Chi Square for Independence-Mantel–Haenszel test in R
Chi-Square for Independence, It is simple to evaluate using the chi-square test or Fisher exact test when we have two categorical variables.
Consider the case when we have three categorical variables and wish to discover how they are related.
The Cochran–Mantel–Haenszel test, which is an extension of the chi-square test of association, is useful in this scenario.
What will the Cochran–Mantel–Haenszel test reveal?
The Cochran–Mantel–Haenszel test assesses the significance of categorical variables’ associations.
We’ll use the VCD package and the mantelhean.test() function in this example.
Let’s look at the test hypotheses.
Ho:-The two inner variables do not have any relationship.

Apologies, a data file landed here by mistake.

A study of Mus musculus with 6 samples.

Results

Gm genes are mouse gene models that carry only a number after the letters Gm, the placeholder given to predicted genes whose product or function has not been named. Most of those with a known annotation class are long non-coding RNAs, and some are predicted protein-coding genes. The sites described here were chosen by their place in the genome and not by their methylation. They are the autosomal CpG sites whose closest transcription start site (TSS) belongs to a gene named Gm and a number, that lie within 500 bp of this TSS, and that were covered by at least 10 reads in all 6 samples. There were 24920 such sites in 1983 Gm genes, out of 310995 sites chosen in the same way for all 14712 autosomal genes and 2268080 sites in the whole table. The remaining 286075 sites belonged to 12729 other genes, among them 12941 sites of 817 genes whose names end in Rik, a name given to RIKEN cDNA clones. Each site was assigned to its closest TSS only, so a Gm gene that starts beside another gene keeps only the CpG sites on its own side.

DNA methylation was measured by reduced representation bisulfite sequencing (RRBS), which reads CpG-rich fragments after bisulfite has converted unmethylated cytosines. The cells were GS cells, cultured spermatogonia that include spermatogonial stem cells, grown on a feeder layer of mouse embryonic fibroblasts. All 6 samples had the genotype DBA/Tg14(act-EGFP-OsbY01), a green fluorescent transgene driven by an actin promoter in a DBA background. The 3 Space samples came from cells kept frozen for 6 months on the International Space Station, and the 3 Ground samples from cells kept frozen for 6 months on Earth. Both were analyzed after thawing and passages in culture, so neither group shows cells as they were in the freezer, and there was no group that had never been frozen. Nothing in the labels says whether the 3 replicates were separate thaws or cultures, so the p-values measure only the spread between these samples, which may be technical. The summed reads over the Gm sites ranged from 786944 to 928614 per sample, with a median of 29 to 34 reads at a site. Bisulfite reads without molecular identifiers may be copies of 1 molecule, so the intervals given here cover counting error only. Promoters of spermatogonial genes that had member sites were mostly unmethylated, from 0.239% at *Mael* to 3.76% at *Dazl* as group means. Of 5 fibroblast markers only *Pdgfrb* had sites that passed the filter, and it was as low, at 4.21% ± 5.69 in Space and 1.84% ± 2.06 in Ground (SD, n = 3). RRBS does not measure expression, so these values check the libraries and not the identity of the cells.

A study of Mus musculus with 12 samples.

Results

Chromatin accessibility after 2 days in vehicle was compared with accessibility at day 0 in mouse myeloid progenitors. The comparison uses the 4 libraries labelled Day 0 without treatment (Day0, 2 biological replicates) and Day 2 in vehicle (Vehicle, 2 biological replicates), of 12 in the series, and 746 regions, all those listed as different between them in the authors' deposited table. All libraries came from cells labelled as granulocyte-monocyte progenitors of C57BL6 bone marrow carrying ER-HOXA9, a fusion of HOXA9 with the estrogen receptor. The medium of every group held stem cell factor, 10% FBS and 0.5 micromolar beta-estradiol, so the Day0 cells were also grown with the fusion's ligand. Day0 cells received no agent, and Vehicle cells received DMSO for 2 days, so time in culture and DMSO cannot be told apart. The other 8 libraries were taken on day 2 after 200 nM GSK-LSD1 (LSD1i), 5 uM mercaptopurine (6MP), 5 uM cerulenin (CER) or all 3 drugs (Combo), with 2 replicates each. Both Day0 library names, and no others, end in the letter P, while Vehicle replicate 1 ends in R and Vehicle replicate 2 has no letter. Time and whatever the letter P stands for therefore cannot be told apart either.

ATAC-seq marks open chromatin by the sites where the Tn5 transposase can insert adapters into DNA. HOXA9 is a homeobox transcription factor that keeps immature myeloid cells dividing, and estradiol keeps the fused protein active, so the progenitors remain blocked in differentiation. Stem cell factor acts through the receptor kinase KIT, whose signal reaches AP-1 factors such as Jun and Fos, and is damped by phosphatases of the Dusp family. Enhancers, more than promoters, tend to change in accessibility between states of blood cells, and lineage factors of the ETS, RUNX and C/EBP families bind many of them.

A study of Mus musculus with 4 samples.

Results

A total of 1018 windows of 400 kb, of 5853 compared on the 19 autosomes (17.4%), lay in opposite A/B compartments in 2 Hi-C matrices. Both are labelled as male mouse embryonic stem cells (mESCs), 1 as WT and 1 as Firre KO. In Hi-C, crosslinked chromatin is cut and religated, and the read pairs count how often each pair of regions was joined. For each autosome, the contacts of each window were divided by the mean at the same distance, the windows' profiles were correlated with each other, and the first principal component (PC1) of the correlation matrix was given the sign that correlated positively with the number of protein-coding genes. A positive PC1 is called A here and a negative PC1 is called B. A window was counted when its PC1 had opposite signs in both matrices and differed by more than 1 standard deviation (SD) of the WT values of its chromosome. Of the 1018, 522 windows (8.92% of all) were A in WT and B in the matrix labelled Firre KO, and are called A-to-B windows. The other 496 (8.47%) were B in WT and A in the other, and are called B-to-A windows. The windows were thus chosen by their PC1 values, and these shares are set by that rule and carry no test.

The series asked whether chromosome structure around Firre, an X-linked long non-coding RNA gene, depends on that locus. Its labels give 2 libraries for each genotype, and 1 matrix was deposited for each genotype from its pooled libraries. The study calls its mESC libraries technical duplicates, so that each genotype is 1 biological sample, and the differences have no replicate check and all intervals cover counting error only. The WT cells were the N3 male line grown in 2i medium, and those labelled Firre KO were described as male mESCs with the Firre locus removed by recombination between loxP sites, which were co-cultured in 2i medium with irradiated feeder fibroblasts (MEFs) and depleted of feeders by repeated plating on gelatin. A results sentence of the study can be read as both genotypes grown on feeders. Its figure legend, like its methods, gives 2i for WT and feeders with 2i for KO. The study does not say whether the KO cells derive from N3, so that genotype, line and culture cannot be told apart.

H1: There is a link between the two inner variables.
Mantel–Haenszel test in R
First, we need to install vcd package from cran library,
Let’s load the library
ID Treatment Sex Age Improved 1 57 Treated Male 27 Some 2 46 Treated Male 29 None 3 77 Treated Male 30 None 4 17 Treated Male 32 Marked 5 36 Treated Male 46 Marked 6 23 Treated Male 58 Marked
Treatment, Sex, Age, and Improved are the four factors here. The goal is to figure out how these factors are related.
Chi Square for Independence
Consider the following three variables: Treatment, Sex, and Improved.
Cochran-Mantel-Haenszel test data: Arthritis$Treatment and Arthritis$Improved and Arthritis$Sex Cochran-Mantel-Haenszel M^2 = 14.632, df = 2, p-value = 0.0006647
Because the p-value of 0.0006647 is less than 0.05, the null hypothesis is rejected and the alternate hypothesis is accepted.
This suggests that at each level of sex, the treatment received and the improvement claimed are not independent.
Similarly, we can divide the age column into two or more components and measure the relationship.